Holidays

It’s been a long, unprecedented year, but we’ve officially made it to December. We have one month remaining in 2020, which will be capped off by another holiday season.

The month of December is usually associated with Christmas, as well as ringing in the start of a new year a week later. That will remain the case this year, but with an added twist.

This year has been tough on everybody for a variety of reasons, with likely none greater than the coronavirus pandemic. Regardless of your views on the state of the virus, your mental health has likely fluctuated throughout the year due to worry, stress, health, financial situation, job status and the many things you’re restricted from doing.

These things have all compounded on top of one another and all the other things in your life, which is making this year that much more difficult.

The holiday season typically always brings with it a lot of added stress. This stress revolves around things like shopping and buying gifts, traveling to see family and finishing work projects before the year ends.

This year, more so than ever, it’s important to try and minimize the unnecessary stress and focus on what’s really important.

It’s much easier said than done, but if you’re able to put things into perspective and form the right mindset, you can close out this wild year with a successful holiday.

Less Stressed, More Blessed

For many people, this holiday season won’t look the same as years past.

You might not end up traveling to see friends or family. You might not be able to go out to eat and share a meal with loved ones around Christmas. You might not be able to afford as many gifts as years past.

As unfortunate and saddening as this might be, it’s not a permanent change. Therefore, accepting the current circumstances and working to make the best of the situation is the desired move.

Some things you just can’t change and attempting to change them anyways to create a different outcome will lead to additional stress.

As mentioned above, eliminating unnecessary anxiety that you can control this holiday is essential.

Making sure you stay healthy – mentally and physically – by staying positive, meditating, reading, eating clean, exercising and getting sufficient rest will help cut down on the stress.

This is first and foremost before even taking the holidays into consideration. Prioritizing your health, which should always be at the forefront, is the most important factor because if you fail to do this, it will be much easier for the stress of the holidays to hit you hard.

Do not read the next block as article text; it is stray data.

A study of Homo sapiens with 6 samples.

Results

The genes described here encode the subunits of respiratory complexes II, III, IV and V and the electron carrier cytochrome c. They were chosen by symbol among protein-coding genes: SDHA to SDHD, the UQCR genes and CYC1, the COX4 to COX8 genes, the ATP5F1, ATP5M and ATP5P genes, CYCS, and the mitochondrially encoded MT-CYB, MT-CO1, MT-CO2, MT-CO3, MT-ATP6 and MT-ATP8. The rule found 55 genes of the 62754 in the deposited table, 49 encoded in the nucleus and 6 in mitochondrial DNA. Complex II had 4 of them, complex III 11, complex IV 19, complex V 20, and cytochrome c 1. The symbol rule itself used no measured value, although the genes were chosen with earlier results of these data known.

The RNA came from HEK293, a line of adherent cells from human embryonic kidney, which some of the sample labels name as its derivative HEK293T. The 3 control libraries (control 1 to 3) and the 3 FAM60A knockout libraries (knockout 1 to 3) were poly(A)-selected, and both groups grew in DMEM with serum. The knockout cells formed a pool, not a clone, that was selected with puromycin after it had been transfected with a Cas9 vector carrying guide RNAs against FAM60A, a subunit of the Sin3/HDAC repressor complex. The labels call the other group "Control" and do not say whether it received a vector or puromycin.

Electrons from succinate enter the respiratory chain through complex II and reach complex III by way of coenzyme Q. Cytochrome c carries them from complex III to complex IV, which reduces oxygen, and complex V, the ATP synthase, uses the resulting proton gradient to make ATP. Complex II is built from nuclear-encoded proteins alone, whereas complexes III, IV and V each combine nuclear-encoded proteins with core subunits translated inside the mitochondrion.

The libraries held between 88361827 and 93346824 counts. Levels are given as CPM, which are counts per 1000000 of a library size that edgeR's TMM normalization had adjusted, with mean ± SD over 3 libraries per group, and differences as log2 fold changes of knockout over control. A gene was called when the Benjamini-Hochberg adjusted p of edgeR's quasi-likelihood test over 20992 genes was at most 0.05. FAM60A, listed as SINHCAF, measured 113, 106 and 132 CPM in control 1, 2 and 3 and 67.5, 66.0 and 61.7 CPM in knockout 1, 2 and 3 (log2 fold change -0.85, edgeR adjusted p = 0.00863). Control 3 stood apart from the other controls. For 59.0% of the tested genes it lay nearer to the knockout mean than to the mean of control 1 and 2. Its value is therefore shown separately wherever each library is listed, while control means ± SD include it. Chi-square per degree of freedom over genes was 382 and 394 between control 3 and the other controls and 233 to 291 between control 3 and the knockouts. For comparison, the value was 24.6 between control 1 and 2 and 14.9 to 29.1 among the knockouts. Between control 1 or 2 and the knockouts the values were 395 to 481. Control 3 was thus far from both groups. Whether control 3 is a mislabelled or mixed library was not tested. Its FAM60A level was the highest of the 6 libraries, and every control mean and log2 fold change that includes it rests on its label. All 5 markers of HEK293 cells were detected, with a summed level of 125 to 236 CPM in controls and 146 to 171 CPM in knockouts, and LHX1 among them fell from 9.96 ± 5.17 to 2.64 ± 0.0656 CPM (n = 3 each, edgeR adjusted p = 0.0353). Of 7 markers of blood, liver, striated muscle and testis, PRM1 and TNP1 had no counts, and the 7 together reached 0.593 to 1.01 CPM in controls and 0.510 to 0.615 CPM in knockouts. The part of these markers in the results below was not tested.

It’s important to make an effort to continue living your life the same way, not allowing the craziness of the holidays to change your routine too drastically.

The amount of stress endured, and the different stressors identified, is unique to each person. However, keeping your mind and body happy is a universal logic that will increase everyone’s chances of a joyful holiday.

Once you have an effective grasp on your personal health, there are ways to combat holiday stress.

A few tips include:

  • Be realistic
    • Know what you’re able to do versus what you want to do. Understand the current circumstances. Accept the possibility of a wide range of outcomes and come to terms with happiness and positivity regardless of result.
  • Plan ahead
    • Based on realistic expectations, plan ahead on what your holiday will look like. Plan things like shopping and details of Christmas Eve and Day. That way, you will negate the stress of worrying about what is coming, and you can focus on making it a joyful experience instead.
  • Don’t abandon habits
    • This goes back to prioritizing your health and routine. It’s more of a reminder, but don’t let it get lost in the shuffle amidst the bustle of the holidays. Continue to stay on track with what you normally do and remain consistent in your healthy habits. This can apply to health as well as other daily life habits.
  • Take breaks
    • Embrace mental and physical breaks. When you’re overwhelmed, stop and do something fun. Think good thoughts. Take the load off your mind and body for a bit. And if necessary, seek help and support through friends and family.
  • Be grateful
    • Last, but certainly not least, express gratitude. Sure, there might be 1,000 things going on at once, on top of your everyday routine. But be grateful you’re here and able to go through it all. Be thankful for another holiday.

These tips will help keep you from getting overwhelmed. Sometimes, when things get crazy, it’s easy to forget tips like these and just conform to the situation at hand.

The key is being mindful, taking a step back, and reminding yourself of the benefits in avoiding too much stress and simply letting things happen.

Things will play out the way they’re meant to be, regardless if you worry and try to change them or not. Therefore, refrain from becoming stressed, focus on the reasons why you are blessed, and prepare yourself for a fun holiday.

The Wrap Up

Though this advice might seem broad, it can be personalized to your own set of circumstances. Apply it to your own vision of what your holidays will be and take from it anything that can help improve your mental health.

Even if you find yourself experiencing minimal stress thus far, practice some of these tips to ensure the stress won’t creep up on you as we near closer to the end of the year. If there’s one thing we learned during the first 11 months of the year, it’s the unpredictability the world has to offer us.

If you get out in front and prepare yourself properly, your chances of peace and happiness for the whole month will multiply.

So, enjoy the holiday season and be grateful that you are healthy and able to celebrate. Because there are many people that are much less fortunate.

Happy Holidays!

“The holiday season is a perfect time to reflect on our blessings and seek out ways to make life better for us and for those around us.”